US President Barack Obama pauses while speaking at Georgia Tech on March 10, 2015 in Atlanta, Georgia.
Brendan Smialowski—AFP/Getty Images
By Gabriel Scheinmann
March 12, 2015
IDEAS
Gabriel Scheinmann is Director of Policy at The Jewish Policy Center.

The Obama Administration may be on the verge of completing a deal that leaves Iran with a substantial nuclear capability, but about a year away from a bomb’s worth of fissile material. By not insisting on the dismantlement of any major nuclear infrastructure, or even on the complete cessation of enrichment activities, the White House is betting that not only is Iran likely to heed the deal, but also that the United States would have enough time to act appropriately and decisively if it does not. Believing it has headed-off the seemingly unavoidable march towards war with Iran, the White House is crowing about its impending diplomatic feat.

Unfortunately, rather than obviating the likelihood of war, this deal encourages it. For different reasons, inking this accord increases the chances that both Israel and the United States take military action against Iran to stop its nuclear pursuits. As former Secretary of State Henry Kissinger aptly concluded in recent Congressional testimony, the goal of the nuclear talks has evolved “from preventing proliferation to managing it.” In doing so, the Administration has sown the seeds of future conflict.

For Israel, the deal represents the failure of its decade-long effort to prevent Iranian proliferation. Unquestionably, the country has believed that it would not only be better to dismantle Iran’s program through non-military means, but also, if that option proved impossible, that the United States would take the lead in destroying Iran’s nuclear assets. The deal reveals that neither is true. The Obama Administration has chosen to tolerate rather than disassemble a vast Iranian nuclear program. Having an understandably much lower threshold for what it can tolerate due to its proximity to Iran and the regime’s heinous history, Israel may feel that it now has no choice but to take matters into its own hands, no matter how unattractive the consequences.

Ironically, the deal also likely commits the United States to future military action against Iran. Even the modest restrictions imposed will be removed in a decade, by which time Iran’s warhead and delivery mechanism will be fully operational. If, as time goes by, Washington realizes that it is unintentionally midwifing an Iranian bomb, it will have little choice but to abrogate the accord itself. Faced with the prospect of not just a nuclear-capable but also a nuclear-armed Iran, Washington may be compelled to preempt this scenario.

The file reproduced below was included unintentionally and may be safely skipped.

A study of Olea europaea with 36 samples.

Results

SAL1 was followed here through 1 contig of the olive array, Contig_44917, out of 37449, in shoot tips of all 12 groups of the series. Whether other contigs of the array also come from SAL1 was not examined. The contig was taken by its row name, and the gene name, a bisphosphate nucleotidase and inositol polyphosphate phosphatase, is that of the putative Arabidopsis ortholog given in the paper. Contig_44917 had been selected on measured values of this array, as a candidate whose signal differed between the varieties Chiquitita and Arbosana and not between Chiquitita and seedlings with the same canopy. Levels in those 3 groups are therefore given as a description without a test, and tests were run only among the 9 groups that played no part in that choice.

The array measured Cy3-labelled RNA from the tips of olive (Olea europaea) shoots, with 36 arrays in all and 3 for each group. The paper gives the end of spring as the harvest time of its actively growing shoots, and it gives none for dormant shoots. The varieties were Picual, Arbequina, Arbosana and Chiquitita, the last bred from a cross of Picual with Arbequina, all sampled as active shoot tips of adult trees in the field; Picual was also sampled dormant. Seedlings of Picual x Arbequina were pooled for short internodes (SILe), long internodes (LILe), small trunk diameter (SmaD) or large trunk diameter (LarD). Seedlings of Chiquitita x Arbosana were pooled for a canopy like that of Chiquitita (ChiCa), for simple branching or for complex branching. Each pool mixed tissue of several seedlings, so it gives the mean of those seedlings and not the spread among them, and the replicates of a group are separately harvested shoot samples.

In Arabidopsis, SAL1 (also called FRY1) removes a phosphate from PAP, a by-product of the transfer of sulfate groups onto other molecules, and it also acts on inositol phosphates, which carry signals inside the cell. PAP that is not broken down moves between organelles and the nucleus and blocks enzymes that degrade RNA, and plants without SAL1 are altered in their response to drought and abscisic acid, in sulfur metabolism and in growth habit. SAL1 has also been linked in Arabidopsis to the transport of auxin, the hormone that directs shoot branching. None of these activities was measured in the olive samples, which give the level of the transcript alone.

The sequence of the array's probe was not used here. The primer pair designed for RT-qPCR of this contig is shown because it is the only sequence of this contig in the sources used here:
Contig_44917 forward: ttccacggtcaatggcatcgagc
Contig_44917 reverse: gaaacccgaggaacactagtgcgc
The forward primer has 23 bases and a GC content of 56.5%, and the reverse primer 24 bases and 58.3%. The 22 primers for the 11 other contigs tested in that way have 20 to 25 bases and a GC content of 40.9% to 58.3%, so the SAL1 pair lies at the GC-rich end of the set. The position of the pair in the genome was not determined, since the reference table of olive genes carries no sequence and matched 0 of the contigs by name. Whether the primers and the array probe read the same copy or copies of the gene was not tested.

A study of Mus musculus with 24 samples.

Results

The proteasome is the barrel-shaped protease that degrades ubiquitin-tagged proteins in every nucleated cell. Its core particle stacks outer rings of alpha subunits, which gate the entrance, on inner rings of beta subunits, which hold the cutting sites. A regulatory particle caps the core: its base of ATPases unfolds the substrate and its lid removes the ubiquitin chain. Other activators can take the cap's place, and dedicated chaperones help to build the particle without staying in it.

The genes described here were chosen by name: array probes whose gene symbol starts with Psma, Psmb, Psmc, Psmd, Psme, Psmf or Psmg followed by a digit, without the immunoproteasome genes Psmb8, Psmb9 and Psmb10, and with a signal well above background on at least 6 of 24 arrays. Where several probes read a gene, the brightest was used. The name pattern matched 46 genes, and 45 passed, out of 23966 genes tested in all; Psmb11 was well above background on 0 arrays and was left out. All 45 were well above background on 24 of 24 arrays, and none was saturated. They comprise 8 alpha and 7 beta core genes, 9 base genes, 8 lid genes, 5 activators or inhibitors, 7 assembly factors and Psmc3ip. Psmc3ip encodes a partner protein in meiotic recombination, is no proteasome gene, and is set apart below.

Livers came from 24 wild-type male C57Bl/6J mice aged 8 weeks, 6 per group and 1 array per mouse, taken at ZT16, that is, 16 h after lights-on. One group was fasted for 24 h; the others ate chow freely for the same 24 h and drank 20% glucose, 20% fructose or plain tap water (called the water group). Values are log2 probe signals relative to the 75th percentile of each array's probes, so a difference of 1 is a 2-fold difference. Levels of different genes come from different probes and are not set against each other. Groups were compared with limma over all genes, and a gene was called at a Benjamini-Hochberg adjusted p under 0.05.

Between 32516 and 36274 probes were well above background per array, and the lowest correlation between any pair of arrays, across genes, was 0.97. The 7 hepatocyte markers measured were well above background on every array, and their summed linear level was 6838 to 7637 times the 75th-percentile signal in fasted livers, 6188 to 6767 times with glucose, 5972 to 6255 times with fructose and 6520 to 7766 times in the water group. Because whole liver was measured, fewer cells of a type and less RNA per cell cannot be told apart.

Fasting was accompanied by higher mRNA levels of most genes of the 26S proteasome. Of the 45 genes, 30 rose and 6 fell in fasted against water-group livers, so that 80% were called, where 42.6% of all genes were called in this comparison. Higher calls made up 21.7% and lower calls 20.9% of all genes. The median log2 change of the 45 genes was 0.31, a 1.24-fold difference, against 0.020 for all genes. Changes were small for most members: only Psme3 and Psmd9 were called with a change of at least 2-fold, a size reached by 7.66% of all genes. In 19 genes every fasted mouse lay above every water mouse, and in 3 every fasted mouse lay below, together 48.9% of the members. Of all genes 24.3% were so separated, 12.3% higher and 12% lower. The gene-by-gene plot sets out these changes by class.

Moreover, the assumption of Iranian perfidy is baked into this deal. If merely a treaty-bound commitment were enough, then Iran’s longstanding membership in the Nuclear Non-Proliferation Treaty should suffice. The concept of any additional negotiations suggests, quite rightly, that Iran is likely to vitiate its own assurances. The one-year break-out time is intended to give the U.S. enough of a lead to identify Iranian cheating and marshal the international community to re-impose sanctions that will make the country heel. Hardly a chess novice, Iran would see that it has nothing to gain and everything to lose by breaking its commitments and sparking a return to the status quo ante of international isolation.

However, such a short break-out time only bolsters the likelihood of American military action. It took seven years of nuclear-related sanctions to coax Iran to the negotiating table, at which Iran has yet to make any irreversible commitments. No matter the president or Congress’ desire for alacrity, it would be impossible for even the most stringent sanctions to have their desired effect in less than twelve months. At that point, the only way the United States can prevent an Iranian break-out will be to credibly threaten the use of force. Perhaps unwittingly, the deal the Administration believes averts war only works if the U.S. is willing to go to war to enforce it.

To avoid war, the United States and Israel have two options: accept Iran as a nuclear power or negotiate a deal that eliminates Iran’s capacity to be one. Such a deal must verifiably dismantle Iran’s entire nuclear infrastructure and remove its capacity to enrich uranium at any level. By doing so, it can extend the break-out time to a matter of years, ensuring that it will indeed have enough time to prevent an Iranian bomb through non-military means.

The impending deal is not final. For cultural and political reasons, Iran may never agree to any deal, even one as advantageous as this one. Yet, unless the United States dramatically reverses the concessions it has made, this deal will not defer the threat of war, but accelerate it.